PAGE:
There is trouble in Red Square.
Over 50 union workers at The Evergreen State College are now on strike. Members of the Student Support Services Staff Union – primarily counselors, advisers, resident directors and other support staff – have been bargaining with TESC for over a year for increased pay and job security.
Ordinarily, this would all be well and good. But TESC is a state college, and TESC workers are public employees who do not have the same ability to strike that private employees do.
The reasoning for prohibiting public union strikes was eloquently summarized by Franklin Roosevelt in a letter to a prominent union leader in which he wrote, “Militant tactics have no place in the functions of any organization of Government employees ... . A strike of public employees manifests nothing less than an intent on their part to prevent or obstruct the operations of Government until their demands are satisfied. Such action, looking toward the paralysis of Government by those who have sworn to support it, is unthinkable and intolerable.”
Unsurprisingly, however, the Washington Federation of State Employees contends that these public employees may go on strike without running afoul of the law.
In an email update, the union argued that TESC “President (Les) Purce’s contention that state employee strikes are illegal is incorrect. State law doesn’t explicitly grant the right to strike, nor does it prohibit it.” It is worth noting that, in the version of the update later posted on the Federation website, the word “incorrect” had been changed to “incomplete.”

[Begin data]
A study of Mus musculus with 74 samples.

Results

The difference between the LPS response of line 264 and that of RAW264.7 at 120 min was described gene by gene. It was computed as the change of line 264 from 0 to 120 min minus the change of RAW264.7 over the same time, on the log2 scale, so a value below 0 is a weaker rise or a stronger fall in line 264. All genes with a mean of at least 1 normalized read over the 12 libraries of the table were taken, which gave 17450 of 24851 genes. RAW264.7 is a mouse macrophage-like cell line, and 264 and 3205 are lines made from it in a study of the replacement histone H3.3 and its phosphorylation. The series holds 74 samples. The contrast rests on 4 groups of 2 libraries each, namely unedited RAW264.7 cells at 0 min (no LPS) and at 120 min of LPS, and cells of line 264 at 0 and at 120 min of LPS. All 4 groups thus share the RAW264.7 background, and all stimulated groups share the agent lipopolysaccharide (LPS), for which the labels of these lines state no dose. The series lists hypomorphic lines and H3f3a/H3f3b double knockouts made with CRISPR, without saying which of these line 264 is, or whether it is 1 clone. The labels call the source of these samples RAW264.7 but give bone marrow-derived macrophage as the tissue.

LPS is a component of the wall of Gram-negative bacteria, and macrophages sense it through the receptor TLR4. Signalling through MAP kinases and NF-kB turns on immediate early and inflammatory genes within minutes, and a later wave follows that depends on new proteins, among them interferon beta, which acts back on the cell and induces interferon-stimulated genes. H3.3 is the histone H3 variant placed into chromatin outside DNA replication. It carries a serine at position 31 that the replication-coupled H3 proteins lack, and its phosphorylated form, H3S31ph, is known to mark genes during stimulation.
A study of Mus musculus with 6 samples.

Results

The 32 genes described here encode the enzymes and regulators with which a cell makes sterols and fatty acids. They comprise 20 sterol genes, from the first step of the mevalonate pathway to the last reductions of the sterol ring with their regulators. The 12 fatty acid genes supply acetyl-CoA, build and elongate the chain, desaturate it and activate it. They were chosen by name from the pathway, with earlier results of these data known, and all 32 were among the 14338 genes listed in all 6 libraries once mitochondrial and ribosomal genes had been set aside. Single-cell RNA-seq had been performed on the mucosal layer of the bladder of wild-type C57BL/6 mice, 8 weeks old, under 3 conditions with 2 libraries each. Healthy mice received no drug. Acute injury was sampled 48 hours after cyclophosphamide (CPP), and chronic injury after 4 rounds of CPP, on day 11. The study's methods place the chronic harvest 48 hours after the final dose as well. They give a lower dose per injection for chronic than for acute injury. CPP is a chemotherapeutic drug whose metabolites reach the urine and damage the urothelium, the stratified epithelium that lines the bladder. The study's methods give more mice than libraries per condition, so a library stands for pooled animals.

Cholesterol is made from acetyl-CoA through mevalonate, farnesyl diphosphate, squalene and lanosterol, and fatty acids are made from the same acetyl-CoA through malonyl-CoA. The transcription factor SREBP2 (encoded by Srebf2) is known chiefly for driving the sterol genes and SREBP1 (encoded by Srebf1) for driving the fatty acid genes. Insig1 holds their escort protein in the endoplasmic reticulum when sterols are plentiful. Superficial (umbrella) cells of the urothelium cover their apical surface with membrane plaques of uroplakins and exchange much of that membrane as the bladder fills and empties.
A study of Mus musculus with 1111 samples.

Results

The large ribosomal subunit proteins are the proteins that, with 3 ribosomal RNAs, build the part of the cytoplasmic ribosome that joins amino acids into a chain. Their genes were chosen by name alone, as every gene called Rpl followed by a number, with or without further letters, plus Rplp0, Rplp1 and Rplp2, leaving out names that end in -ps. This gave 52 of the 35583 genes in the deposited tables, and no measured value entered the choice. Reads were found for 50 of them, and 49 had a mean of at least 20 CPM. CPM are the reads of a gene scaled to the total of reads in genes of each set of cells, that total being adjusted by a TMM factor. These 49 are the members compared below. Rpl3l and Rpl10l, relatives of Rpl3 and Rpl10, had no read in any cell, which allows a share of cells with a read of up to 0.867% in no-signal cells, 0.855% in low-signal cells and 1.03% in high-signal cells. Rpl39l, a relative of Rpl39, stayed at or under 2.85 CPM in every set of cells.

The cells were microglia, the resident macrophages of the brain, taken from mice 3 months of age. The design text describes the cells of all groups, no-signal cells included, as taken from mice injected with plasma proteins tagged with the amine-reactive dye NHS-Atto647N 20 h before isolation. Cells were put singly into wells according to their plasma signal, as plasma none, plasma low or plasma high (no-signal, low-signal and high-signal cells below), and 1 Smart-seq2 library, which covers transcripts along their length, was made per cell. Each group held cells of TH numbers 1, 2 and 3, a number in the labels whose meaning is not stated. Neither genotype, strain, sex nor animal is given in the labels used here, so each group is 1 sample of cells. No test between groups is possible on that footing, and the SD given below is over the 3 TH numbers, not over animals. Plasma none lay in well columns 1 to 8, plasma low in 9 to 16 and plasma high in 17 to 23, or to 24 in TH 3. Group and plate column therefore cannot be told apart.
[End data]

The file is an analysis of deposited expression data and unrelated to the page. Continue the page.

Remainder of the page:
As it turns out, this backpedaling is warranted.
While it is true that state law does not explicitly and formally prohibit all public employees from going on strike, the cumulative effect of state law is to forbid any form of public employee strike.
In 2006, the State Attorney General’s Office released an opinion on public employee strikes. As a starting place, the opinion cites a 1958 State Supreme Court Case, Port of Seattle v. Int’l Longshoremen’s & Warehousemen’s Union, which noted “the general immunity of government from a strike” in common law. In other words, in the absence of a clear law permitting public employees the right to strike, the governing presumption is that they may not.
Furthermore, the law itself is not quite as vague as the Federation contends. There are at least three provisions of state law which explicitly prohibit certain types of public employees from striking. Even the statutes which grant collective bargaining rights to state and local employees include statements like: “Nothing contained in this chapter shall permit or grant any public employee the right to strike or refuse to perform his official duties.”
The Federation would have to do some interesting gymnastics to turn that into a justification for a strike.
Still, the more relevant question is not really whether TESC employees can strike, but how the college can respond if they do. State law provides no penalties for striking public workers.
While in some cases the courts have ordered striking teachers to return to work, in this case there is no need. In any other situation, if an employee walked off the job, they would be replaced. The same principle applies here.
While TESC employees are free to walk away from their jobs and go on strike without facing a specific legal penalty, they do so without the authorization or protection of law. Consequently, TESC administration can, and should, replace striking employees instead of permitting a precedent-setting disruption in state services.
Public employees are supposed to be public servants accountable to the taxpayers who fund them. No public servants should be permitted to hold state services hostage for the sake of their personal benefit.Maxford Nelsen is the labor policy analyst for the Freedom Foundation.